We needed a technical shift to change the dynamics.
Managing a Fanbase
BandSquare is a general purpose marketing platform helping artists and big organisations to manage and extract data from their audiences and fanbases. The platform uses campaigns, social network data, smaller tailored websites and polls to provide a audience platform that can pull and push data. An example use case is fanbases requesting that artists visit certain cities.
Once data has been collected it is then amalgamated to provide a unified view of an audience.
Jon: What is the tech story here?
Val: We used to be an Angular.js SPA (Single Page Application) backed by Node.js and MongoDb.
As the information model evolved and became more sophisticated, the complexity grew. MongoDB in particular became a big pain point as the querying power is very limited. We had lots of bugs and troubles evolving the platform.
We wanted it to be a data platform and we were stuck. We wanted features, to go faster, and to have better quality. We could not add man power so we needed a technical shift to change the dynamics.
Jon: How did the Clojure journey begin?
Val: At the time I knew Clojure. I had very little experience with Datomic; I'd played with it a bit.
The value proposition of Clojure is a good fit. I could use the interactive development story of the REPL to raise productivity and quality. Datomic was a good fit too that didn't have the problems of classic databases.
Datomic is very good for querying for data in a very expressive way. It's also great for testing; we wanted a really good testing story to increase quality. We were migrating the whole back-end from Node.js and we wanted to test that everything still worked.
Jon: Any regrets?
Val: No. The migration to Clojure/Datomic made us so much more productive and we have less bugs.
Mongo/Angular is not bad tech, just a not good fit for the level of sophistication we needed. We still use Angular on the front end.
Jon: What about using ClojureScript on the front end?
Val: I wish I could - an architecture based on React.js would be good as well - but not right now.
Jon: Any challenges with Datomic?
Val: I wouldn't advise a team to use it if they don't have the architectural initiative to embrace a new paradigm. You have to figure out how to architect your system to get the most leverage, but this can be really rewarding.
For example we rely on a lot on a special feature called 'speculative writes' (aka
db.with()) where you can pretend that a write is made locally. This has enabled us to have an architecture where we can rewrite code and perform testing using this ability. We can fork databases and experiment with no runtime cost.
You can also mock and clone connections to debug locally data that is in production; this gives amazing leverage and opportunities. This stuff is extremely powerful, but the challenge is you have to model your architecture to leverage it.
Jon: What does your whole stack look like?
Val: We use AWS, EBS. PostgreSQL, S3, Redis for caching, Google Analytics, Datomic on DynamoDB, and Netlify which is good for hosting SPAs.
Jon: What Clojure libraries do you use?
Val: I'm a big fan of Specter - I don't use nearly as much of it as I would like.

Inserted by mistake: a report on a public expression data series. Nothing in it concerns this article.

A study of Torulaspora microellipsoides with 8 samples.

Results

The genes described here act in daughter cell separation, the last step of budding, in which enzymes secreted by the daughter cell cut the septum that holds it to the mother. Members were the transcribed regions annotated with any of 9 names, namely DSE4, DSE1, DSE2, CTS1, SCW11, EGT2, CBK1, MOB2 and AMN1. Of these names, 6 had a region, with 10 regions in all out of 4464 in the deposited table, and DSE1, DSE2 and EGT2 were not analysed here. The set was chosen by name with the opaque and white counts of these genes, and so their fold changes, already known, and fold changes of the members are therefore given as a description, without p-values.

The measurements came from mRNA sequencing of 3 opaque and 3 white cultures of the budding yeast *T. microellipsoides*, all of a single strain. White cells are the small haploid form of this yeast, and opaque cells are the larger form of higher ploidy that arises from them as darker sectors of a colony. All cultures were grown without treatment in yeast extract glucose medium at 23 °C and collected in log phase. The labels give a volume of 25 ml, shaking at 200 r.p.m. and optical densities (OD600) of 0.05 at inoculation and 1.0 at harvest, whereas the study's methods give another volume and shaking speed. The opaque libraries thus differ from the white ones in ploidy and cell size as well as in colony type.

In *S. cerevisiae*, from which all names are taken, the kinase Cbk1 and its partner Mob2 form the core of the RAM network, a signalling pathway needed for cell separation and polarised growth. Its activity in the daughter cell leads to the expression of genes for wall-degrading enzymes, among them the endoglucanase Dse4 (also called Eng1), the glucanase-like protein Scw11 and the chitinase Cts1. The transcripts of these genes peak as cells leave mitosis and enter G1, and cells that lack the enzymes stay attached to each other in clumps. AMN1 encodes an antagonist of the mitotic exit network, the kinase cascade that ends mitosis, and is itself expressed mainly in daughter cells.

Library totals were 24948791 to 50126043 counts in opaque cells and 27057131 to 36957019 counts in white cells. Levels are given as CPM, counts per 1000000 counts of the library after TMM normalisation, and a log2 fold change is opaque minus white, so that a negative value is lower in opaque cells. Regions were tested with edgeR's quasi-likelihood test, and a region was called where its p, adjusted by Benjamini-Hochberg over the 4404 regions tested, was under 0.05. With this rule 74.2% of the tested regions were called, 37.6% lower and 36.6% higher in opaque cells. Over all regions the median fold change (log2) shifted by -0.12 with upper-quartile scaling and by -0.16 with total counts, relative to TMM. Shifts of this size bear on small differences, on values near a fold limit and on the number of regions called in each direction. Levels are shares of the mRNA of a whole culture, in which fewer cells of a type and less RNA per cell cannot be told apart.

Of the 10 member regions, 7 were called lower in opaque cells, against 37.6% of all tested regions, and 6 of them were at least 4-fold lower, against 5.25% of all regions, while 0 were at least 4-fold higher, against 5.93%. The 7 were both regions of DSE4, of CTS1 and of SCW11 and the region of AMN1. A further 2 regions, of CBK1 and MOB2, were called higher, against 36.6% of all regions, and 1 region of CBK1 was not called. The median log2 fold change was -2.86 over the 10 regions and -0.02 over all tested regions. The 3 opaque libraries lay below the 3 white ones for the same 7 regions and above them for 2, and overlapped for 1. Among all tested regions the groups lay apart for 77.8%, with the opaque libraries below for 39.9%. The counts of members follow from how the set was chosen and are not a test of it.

The data manipulation capabilities of Datomic are almost better than Specter; it's also a library that has a Datalog querying engine.
We also use DataScript; we store a representation of the data model in DataScript, like an annotated UML diagram. We derive the Datomic schema from data in DataScript.
Jon: Wow, sounds like an interesting approach. What's the motivation?
Val: The domain model was duplicated in code in various places: in the Datomic schema, in the Plumatic Schema validation area, in data transformation code (Datomic to JSON). We decided to have one source of truth that removes the duplication; a single declarative place where the information model is described and that different representations of the data model can be derived from. Some people are opposed to this approach, but it's a different philosophy.
Jon: What else do you use?
Plumatic Plumbing, especially the Graph API, which lets you express complex computations as graphs of simple steps. Each computational step is small and depends on previous steps in the graph. It's very good for code reuse of the small, expressive steps.
Jon: How much code do you have?
Val: About 26K lines outside tests, 35K tests including. Our platform does a lot; information extraction, talking to other services and integrating data etc.
Jon: How do you feel about the state of your current codebase?
Val: The codebase is clean, it's just big because it has lots of functionality.
One of the biggest changes we could do is to move to a GraphQL like architecture, such as using Om Next or Falcor. This would be a better way of exchanging data and removing the accidental complexity of lots of REST endpoints exchanging JSON in different formats.
Jon: What's the state of Clojure adoption in Paris?
Val: A few companies are using it and beyond that there are many more people interested. You either find it in the departments of big companies, or the big startups.
Jon: Do you see it growing?
Val: Definitely; more and more people are interested. CTOs are reluctant right now to change, but the culture itself is shifting.
See Val's Blog, and in particular this post where he discusses Datomic techniques such as speculative writes.